Taiwan diplomat hurt in scuffle with Chinese officials in Fiji
Concerns rise after Chinese envoys’ aggression in one of the major battlegrounds for influence between Beijing and Taipei
Taipei — Chinese diplomats injured one of their Taiwanese counterparts during a scuffle in the South Pacific earlier in October, a senior Taiwanese official said, highlighting rising concerns over Beijing’s aggressive “wolf warrior” diplomacy.
Two uninvited diplomats from the Chinese embassy in Fiji were asked to leave an event celebrating Taiwan’s national day in Suva on October 8 after they were seen photographing other guests, Taiwan’s deputy foreign minister Harry Tseng told legislators in Taipei on Monday.
When confronted by Taiwanese officials, the Chinese diplomats initiated a physical confrontation, leaving one staff member from the Taiwanese representative office in Fiji needing hospital treatment for a head injury, Tseng said.
Taiwan’s foreign ministry condemned what it called “provocative wolf warrior diplomacy” as a violation of rule of law and civilised behaviour, a reference to Chinese diplomats who have taken an increasingly assertive stance on social media in advocating for Beijing’s policies. A ministry spokesperson told Bloomberg News by text that the injury was a “mild concussion”.
“We strongly condemn the violence against our diplomat in Fiji by China’s uncivilised ‘wolf warriors’,” Taiwanese foreign minister Joseph Wu said on Twitter. “Taiwan is a force for good in the world & we won’t be intimidated.”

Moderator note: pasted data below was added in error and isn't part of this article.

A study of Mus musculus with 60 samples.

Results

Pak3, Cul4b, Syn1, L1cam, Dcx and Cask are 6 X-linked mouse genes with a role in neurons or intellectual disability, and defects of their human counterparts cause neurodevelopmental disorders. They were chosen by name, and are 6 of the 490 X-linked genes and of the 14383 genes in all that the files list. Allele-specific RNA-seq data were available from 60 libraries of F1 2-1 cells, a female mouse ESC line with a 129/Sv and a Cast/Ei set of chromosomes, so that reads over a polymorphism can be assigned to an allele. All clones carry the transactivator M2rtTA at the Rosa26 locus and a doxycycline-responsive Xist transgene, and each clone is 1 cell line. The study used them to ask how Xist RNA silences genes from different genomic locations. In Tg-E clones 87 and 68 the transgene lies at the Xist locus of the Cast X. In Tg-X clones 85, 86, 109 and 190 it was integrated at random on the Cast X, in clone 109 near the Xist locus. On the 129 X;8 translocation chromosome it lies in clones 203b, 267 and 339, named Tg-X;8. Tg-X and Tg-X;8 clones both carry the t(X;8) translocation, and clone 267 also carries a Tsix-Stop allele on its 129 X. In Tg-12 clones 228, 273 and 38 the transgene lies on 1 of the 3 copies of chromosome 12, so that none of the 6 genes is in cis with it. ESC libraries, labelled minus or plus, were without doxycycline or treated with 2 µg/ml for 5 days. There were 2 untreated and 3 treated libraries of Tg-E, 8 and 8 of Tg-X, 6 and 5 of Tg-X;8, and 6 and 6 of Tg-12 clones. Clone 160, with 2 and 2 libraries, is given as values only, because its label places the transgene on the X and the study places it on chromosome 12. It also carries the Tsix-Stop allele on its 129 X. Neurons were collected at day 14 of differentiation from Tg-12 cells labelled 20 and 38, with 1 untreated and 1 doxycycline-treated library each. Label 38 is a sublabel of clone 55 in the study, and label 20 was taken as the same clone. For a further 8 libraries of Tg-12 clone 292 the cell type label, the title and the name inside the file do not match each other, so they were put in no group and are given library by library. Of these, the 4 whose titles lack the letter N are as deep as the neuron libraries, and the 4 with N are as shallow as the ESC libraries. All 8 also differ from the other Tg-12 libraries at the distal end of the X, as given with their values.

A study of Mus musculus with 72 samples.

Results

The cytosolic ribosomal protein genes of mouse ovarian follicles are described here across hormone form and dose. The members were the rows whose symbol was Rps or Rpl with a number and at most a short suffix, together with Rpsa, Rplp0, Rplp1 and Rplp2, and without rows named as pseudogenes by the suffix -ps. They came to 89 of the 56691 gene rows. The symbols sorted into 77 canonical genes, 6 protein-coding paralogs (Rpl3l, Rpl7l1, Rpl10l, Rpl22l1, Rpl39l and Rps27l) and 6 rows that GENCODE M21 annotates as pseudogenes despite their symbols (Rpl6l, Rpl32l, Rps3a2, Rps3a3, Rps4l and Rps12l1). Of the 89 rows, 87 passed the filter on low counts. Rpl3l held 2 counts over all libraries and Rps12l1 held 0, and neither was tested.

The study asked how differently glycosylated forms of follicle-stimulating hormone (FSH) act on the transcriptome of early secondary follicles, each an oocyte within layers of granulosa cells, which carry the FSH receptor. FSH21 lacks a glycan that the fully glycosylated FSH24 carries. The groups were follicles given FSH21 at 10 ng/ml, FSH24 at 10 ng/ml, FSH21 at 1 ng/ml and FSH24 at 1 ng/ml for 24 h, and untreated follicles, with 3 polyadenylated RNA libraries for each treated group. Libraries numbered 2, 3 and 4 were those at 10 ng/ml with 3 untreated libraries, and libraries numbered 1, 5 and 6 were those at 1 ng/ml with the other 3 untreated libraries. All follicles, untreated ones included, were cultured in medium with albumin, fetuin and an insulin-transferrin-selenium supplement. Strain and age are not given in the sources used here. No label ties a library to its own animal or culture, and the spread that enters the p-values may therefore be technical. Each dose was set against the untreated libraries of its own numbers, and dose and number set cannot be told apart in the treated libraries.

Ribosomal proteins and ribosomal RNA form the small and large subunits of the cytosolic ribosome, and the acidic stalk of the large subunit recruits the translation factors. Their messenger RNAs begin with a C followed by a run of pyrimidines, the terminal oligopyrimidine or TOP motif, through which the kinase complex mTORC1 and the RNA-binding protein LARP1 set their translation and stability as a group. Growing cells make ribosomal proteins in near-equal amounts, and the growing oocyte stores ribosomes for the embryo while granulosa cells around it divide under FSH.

China foreign ministry spokesperson Zhao Lijian said on Monday that the allegations had “no facts” and that Taiwan was “playing victim here”.
“Any attempt to sow discord between China and Pacific Island countries using the Taiwan issue will not succeed,” he told a daily briefing in Beijing.
The Chinese embassy in Fiji said in an earlier statement that a Chinese diplomat had been injured when staffers from the Taipei Trade Office in Fiji “acted provocatively,” and asked local police to investigate.
Taiwan’s foreign ministry objected to China’s “untrue statement” about the incident, saying it was an attempt to “muddy the issue”.
“We can’t let China bully its way into doing whatever it wants,” Taiwanese legislators Wang Ting-yu tweeted. “Our diplomats in Fiji have my full support.”
The incident in Fiji is particularly sensitive as the Pacific is one of the major battlegrounds for diplomatic influence between Beijing and Taipei. After the Solomon Islands and Kiribati switched ties to China in quick succession in 2019, the US stepped in to shore up support for Taiwan in the region, urging Taipei’s last four remaining allies not to follow suit.
While governments around the world are becoming increasingly concerned about China’s more strident approach to diplomacy, Taiwan has long been on the receiving end of it. China’s Communist Party — which claims the democratic island as part of its territory despite never having ruled it — has steadily increased its diplomatic and military pressure on Taipei.
Aircraft from China’s People’s Liberation Army repeatedly encroached into Taiwan’s air defence identification zone in recent months, twice crossing the median line of the Taiwan Strait — which for decades stood as a tacit border between the two sides. China has also steadily whittled away formal recognition of Taiwan in the international arena, leaving Taipei with just 15 official allies.